The New Ontario Brewery: Canadian History in Vintage Postcards
Let’s toast the New Ontario Brewery. Although it ceased operations about a century ago, its memory lives on. This website highlights in vintage postcards the history of towns and townships in the greater Lake Nipissing and Lake Temagami areas of Northern Ontario, Canada, including the Nipissing District and portions of the Parry Sound district which are in the “Blue Sky Region.” These Canadian postcards are shown in digital, virtual museum format for educational purposes. If you have images or historical information which you’d like to share with our virtual museum, feel free to do so. To navigate these pages, mouse over the top navigation bar. Drop-down menus will appear of the areas of interest. Click on the thumbnails for larger images. Close the larger image before opening another thumbnail. The occasional duplicates for sale can be found using the search box on the main (home) page of VintagePostcards.org. This is an ongoing project; comments and questions to the webmaster at webmaster - at sign - vintagepostcards.org are welcome.
This Nipissing Lager beer label from the New Ontario brewery is quite scarce: only three copies are known to exist. Aside from being a breweriana collectible, it would also be considered ephemera. Ephemera, by its nature, is considering any “here today, gone tomorrow” transitory written or printed material not meant to be retained or preserved. Who saved beer bottle labels at the time? That’s the reason that the beer label would be considered ephemera. For more information, consult the The Ephemera Society of America. Examples of collectable ephemera would include advertising trade cards, bookmarks, postcards and posters. Ephemera derives from the Greek, meaning things lasting no more than a day.
Please note that while you are certainly welcome to visit the virtual museum as often as you’d like (and we encourage you to do so), these scans are owned by VintagePostcards.org and, as such, they are not to be re-used or re-purposed in any way, for any other reason — including use on another website, on social networking websites, in brochures or print-outs, etc. — without our prior express written permission. Under the terms of the DMCA (Digital Millenium Copyright Act), such use without permission constitutes copyright infringement and intellectual property theft. We hate to have to make that so clear, as we want you to enjoy the museum and we put these images up due to our love of Canada, but the actions of a few have prompted this notice. For further information, please see the footer of this page.
The New Ontario Brewery led a short but eventful life in North Bay. Established in 1905 by a group of businessmen headed up by James Palango, it produced a German-style lager beer. The company prospered, and enough beer was produced to quench the thirst of both North Bay and surrounding communities. By 1910, the New Ontario had begun to hire “brewery boosters,” traveling salesmen who traveled by horse and buggy to locations as diverse as Cobalt to the north and Kitchener, Kingston, Ottawa and Pembroke. However, the quality of the lager produced was inconsistent: for some unknown reason, the brewery had five different brewmasters from 1906 to 1915. By the time that a fire destroyed the brewery in 1915, the first World War I was on. Supplies were being rationed and there was a shortage of manpower. Anti-German and prohibition sentiments of the time also factored into the decision not to rebuild the brewery.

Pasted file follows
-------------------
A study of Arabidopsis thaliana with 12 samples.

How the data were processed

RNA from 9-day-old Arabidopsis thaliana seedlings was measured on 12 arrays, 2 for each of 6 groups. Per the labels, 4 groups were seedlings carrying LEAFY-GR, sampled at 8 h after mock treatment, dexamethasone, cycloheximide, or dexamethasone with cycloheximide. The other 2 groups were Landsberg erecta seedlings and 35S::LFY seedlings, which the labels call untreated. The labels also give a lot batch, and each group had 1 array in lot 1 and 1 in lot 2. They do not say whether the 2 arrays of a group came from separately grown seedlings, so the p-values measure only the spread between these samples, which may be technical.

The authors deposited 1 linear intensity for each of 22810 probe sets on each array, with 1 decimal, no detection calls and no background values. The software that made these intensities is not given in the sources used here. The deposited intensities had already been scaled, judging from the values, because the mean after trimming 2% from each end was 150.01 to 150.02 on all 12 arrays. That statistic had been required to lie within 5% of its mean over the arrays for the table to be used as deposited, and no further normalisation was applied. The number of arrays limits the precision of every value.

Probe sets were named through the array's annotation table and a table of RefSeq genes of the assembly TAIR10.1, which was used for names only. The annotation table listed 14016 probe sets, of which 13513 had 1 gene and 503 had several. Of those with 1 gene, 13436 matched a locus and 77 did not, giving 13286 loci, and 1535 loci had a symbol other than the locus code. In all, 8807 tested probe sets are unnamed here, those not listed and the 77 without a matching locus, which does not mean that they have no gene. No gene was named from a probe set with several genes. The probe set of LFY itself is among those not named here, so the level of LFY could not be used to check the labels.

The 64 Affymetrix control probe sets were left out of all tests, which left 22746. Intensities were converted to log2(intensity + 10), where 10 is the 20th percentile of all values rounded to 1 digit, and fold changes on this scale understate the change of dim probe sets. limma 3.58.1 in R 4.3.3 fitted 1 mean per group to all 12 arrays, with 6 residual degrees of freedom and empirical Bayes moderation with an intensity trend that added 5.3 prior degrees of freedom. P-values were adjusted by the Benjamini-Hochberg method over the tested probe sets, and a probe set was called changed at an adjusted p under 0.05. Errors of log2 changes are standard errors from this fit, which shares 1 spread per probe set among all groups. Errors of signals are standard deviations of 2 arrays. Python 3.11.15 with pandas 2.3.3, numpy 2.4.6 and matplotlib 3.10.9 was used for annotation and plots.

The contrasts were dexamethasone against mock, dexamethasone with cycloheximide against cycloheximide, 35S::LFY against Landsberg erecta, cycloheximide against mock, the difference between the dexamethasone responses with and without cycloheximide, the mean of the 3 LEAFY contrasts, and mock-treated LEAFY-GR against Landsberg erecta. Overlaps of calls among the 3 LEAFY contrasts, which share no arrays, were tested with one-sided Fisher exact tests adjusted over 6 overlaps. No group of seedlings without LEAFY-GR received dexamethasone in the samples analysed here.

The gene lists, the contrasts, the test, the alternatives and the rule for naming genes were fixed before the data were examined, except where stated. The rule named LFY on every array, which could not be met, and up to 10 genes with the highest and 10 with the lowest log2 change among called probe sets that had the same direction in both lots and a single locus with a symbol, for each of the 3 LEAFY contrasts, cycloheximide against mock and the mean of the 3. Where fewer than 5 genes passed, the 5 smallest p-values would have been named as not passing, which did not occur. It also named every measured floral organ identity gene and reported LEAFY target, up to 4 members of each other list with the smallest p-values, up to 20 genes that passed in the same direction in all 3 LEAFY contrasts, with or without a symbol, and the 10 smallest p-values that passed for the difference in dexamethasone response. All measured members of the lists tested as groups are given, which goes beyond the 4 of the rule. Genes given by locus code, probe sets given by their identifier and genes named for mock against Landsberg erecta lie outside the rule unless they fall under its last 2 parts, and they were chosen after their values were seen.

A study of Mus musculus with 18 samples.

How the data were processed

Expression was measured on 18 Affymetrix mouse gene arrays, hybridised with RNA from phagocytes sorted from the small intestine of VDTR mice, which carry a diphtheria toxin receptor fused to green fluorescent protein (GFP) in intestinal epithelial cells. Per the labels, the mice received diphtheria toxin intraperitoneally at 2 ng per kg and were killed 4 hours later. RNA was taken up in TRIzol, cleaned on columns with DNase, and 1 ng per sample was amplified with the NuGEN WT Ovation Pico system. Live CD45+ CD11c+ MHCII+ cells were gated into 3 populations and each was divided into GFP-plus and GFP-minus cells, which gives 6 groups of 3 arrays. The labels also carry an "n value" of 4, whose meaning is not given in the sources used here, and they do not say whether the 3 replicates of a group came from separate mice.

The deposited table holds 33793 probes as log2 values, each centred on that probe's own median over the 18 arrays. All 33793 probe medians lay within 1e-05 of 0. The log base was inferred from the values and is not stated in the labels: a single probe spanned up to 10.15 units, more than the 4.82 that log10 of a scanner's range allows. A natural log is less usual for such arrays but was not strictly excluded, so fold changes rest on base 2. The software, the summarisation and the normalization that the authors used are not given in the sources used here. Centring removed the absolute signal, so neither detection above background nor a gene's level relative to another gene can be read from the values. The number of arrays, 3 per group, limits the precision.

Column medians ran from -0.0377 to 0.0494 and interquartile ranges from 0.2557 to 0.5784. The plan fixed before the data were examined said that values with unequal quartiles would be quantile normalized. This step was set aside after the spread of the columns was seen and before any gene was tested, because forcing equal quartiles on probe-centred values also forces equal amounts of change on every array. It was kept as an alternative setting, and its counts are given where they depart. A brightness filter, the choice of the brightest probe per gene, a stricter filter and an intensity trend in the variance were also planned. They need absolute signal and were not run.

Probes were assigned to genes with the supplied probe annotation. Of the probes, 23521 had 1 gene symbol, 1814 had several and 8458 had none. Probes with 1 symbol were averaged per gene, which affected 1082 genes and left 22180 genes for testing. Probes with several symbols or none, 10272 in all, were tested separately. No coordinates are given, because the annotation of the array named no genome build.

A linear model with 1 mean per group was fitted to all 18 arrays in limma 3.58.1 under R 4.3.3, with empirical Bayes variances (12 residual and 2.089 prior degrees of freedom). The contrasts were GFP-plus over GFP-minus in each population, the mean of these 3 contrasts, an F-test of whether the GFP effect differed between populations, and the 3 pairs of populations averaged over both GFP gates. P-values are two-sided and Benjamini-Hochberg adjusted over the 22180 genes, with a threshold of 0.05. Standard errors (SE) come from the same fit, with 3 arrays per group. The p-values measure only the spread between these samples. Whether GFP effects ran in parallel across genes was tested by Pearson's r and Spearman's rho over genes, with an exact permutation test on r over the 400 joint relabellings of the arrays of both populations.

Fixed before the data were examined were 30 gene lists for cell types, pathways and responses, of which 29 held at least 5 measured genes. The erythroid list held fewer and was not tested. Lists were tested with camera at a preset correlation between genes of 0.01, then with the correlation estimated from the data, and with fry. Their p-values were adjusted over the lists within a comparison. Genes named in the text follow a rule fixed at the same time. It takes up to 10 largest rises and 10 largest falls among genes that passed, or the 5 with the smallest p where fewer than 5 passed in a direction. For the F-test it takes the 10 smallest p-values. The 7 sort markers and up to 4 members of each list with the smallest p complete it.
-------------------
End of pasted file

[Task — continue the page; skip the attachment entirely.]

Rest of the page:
Here are two pint bottles from the brewery, each measuring 10”. The amber is in great condition with no real issues. The clear bottle is slightly cloudy and could do with a clean to make it sparkle, which I haven’t gotten around to yet. Below are close-ups showing the New Ontario Brewery markings on these pint bottles.
The brewery also made another pint clear bottle in a different shape with embossing all over the bottle, as with the amber beer bottle. The clear bottle with the embossing on the bottom of the bottle had a label. There is also one amber quart bottle in a Canadian collectorion. No clear quarts have ever been found.
A locally-owned brewery which met with more success was the Sudbury Brewing and Malting Co., Ltd. It was founded in 1907 by amateur boxer and former hotelier J. J. Doran of North Bay, whose nickname was the “Brewer of Northern Ontario.” His brothers-in-law, Richard A. Fee and J. J. Mackey, partnered in the business. Eventually, they went on to buy other breweries: in 1911, they bought the Soo Falls Brewing Co. (begun in 1900 in Sault Ste. Marie) and, in 1913, they purchased the Kakabeka Falls Brewing Co. in Thunder Bay (Fort William). They also built Doran’s Brewery in Timmins in 1929. The Port Arthur Beverage Co. marked the company’s final purchase, in 1948. Brewmeister Doran died in 1958.
In more recent times, consolidation led to the creation of Doran’s Northern Ontario Breweries, which had been known as Northern Breweries since 1979. Northern Breweries, in a deal with Molson and Labatt, sold Superior Lager and Northern Ale to Southern Ontario. Finally, in 2004, Northern Breweries was sold to an investment group.
For collectors of vintage postcards, old postcards and the antique postcard. Deltiology, the hobby of collecting vintage postcards, is one of the fastest-growing collectibles hobbies. Old postcard collections interest collectors of antiques, memorabilia and ephemera; collectables such as old vintage postcards are used by museums and historians to document what was.